Doctor's office will X-ray Halloween candy

St. Marys family finds pills inside Snickers candy bars

ST. MARYS, Ga. – After a St. Marys family received tainted Halloween candy, doctors at American Family Care in Jacksonville announced Tuesday that they are screening candy with high-tech X-ray equipment to make sure other kids do not open or eat contaminated candy.

The X-ray is free.

"It's worrisome that someone would put anything in candy that they are giving out to children," said Dr. Mark Smith, an emergency medicine physician. "I worry about the safety of our children on such a fun holiday as Halloween and trick or treating."

For parents who are still nervous, Smith's office is open to help provide parents peace of mind.

The St. Marys Police Department received a report Monday of pills found inside Snickers candy bars. One was a "bite sized" bar and the other was a "fun sized" bar.

One of the pills was identified as Risperdal, which is an anti-psychotic medicine. It's used to treat schizophrenia and symptoms of bipolar disorder. 

Some of the side effects are headache, dizziness, drowsiness, tired feeling, tremors, twitching or uncontrollable muscle movements, anxiety, dry mouth, constipation or pain in arms or legs.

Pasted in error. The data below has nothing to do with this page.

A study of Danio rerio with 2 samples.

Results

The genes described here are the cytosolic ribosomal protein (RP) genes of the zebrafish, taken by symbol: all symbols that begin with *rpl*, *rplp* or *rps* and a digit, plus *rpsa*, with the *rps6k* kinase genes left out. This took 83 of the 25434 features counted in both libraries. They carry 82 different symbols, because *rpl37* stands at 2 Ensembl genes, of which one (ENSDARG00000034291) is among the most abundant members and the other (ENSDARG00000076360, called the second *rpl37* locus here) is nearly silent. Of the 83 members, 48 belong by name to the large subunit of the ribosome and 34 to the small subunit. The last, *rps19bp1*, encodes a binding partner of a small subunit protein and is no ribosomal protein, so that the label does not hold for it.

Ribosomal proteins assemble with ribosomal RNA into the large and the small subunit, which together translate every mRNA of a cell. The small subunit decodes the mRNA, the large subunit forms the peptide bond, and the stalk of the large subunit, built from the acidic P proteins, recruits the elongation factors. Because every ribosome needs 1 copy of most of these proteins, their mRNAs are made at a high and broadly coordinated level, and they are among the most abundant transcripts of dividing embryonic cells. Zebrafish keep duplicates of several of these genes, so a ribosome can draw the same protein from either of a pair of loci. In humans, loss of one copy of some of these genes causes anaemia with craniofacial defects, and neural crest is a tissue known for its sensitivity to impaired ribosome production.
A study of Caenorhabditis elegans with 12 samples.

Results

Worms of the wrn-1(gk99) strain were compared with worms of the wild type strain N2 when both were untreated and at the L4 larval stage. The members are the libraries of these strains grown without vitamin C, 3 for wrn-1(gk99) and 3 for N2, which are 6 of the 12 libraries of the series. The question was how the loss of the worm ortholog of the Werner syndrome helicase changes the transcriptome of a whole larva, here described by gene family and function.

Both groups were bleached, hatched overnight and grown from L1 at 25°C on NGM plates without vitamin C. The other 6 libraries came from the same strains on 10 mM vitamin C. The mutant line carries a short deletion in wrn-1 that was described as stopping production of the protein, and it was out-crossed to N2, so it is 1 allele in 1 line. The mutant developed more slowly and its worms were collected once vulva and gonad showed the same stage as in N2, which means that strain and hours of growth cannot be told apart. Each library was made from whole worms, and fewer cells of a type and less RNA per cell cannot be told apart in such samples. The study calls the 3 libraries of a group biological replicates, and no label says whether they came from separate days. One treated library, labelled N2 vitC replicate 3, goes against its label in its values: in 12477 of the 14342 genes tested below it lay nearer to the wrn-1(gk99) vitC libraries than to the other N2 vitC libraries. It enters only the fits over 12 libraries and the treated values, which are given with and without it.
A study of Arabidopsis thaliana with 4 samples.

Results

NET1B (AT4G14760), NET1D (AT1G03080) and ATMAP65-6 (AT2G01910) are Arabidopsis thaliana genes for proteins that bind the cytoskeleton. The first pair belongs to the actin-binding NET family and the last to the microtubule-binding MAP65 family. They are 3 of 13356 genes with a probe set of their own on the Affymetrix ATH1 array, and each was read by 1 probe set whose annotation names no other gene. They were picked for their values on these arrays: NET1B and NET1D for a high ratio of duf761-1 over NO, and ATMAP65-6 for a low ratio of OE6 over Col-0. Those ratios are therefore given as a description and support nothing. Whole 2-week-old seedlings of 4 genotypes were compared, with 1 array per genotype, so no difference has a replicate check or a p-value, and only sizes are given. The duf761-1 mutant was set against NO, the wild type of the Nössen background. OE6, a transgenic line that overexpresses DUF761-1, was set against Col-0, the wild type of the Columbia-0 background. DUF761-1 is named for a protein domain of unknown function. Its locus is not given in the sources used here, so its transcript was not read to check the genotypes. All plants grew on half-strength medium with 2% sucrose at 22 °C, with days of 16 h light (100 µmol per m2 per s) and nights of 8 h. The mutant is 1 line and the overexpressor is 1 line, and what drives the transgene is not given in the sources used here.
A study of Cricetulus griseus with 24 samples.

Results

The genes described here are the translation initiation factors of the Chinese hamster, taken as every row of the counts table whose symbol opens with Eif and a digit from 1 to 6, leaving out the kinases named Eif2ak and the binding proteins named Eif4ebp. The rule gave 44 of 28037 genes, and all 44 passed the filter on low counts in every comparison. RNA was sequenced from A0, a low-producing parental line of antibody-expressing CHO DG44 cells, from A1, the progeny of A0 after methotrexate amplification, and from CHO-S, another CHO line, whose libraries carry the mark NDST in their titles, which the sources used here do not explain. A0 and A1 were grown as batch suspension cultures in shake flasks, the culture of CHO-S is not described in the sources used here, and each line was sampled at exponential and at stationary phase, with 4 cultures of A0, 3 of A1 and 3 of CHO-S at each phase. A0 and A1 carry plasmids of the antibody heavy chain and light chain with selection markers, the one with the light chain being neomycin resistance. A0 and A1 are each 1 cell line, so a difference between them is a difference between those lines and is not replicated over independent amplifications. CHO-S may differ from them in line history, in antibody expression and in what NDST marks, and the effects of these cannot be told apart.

The second pill in the candy was identified as loratadine, which is an antihistamine and the side effects are insomnia, dry mouth, headache, nervousness, dizziness and fatigue.

"They could have a reaction to the medicine, someone could have an allergy to a certain type of medicine. Depending on what type of medicine is in the candy, it could be harmful to the child," Smith said.

That's why Smith's practice, American Family Care at 13457 Atlantic Blvd., Suite 5, in Jacksonville, offered its X-ray machine for families to be certain their children's candy is OK.

"You need to be cautious, know where your children trick-or-treat. Check the candy that they receive. Make sure it hasn't been tampered with," Smith said. "If there is candy that looks like it's been unraveled or questionable, you know I would discard that candy. It's not worth taking the risk."

For parents who are still nervous, Smith's office is open to help provide parents peace of mind.

If you discover any candy that has been tainted with unknown substances, please contact your local law enforcement officials. 

Police are encouraging all parents to carefully check over their children's Halloween candy by examining the packaging for tampering and slicing the candy into pieces before eating.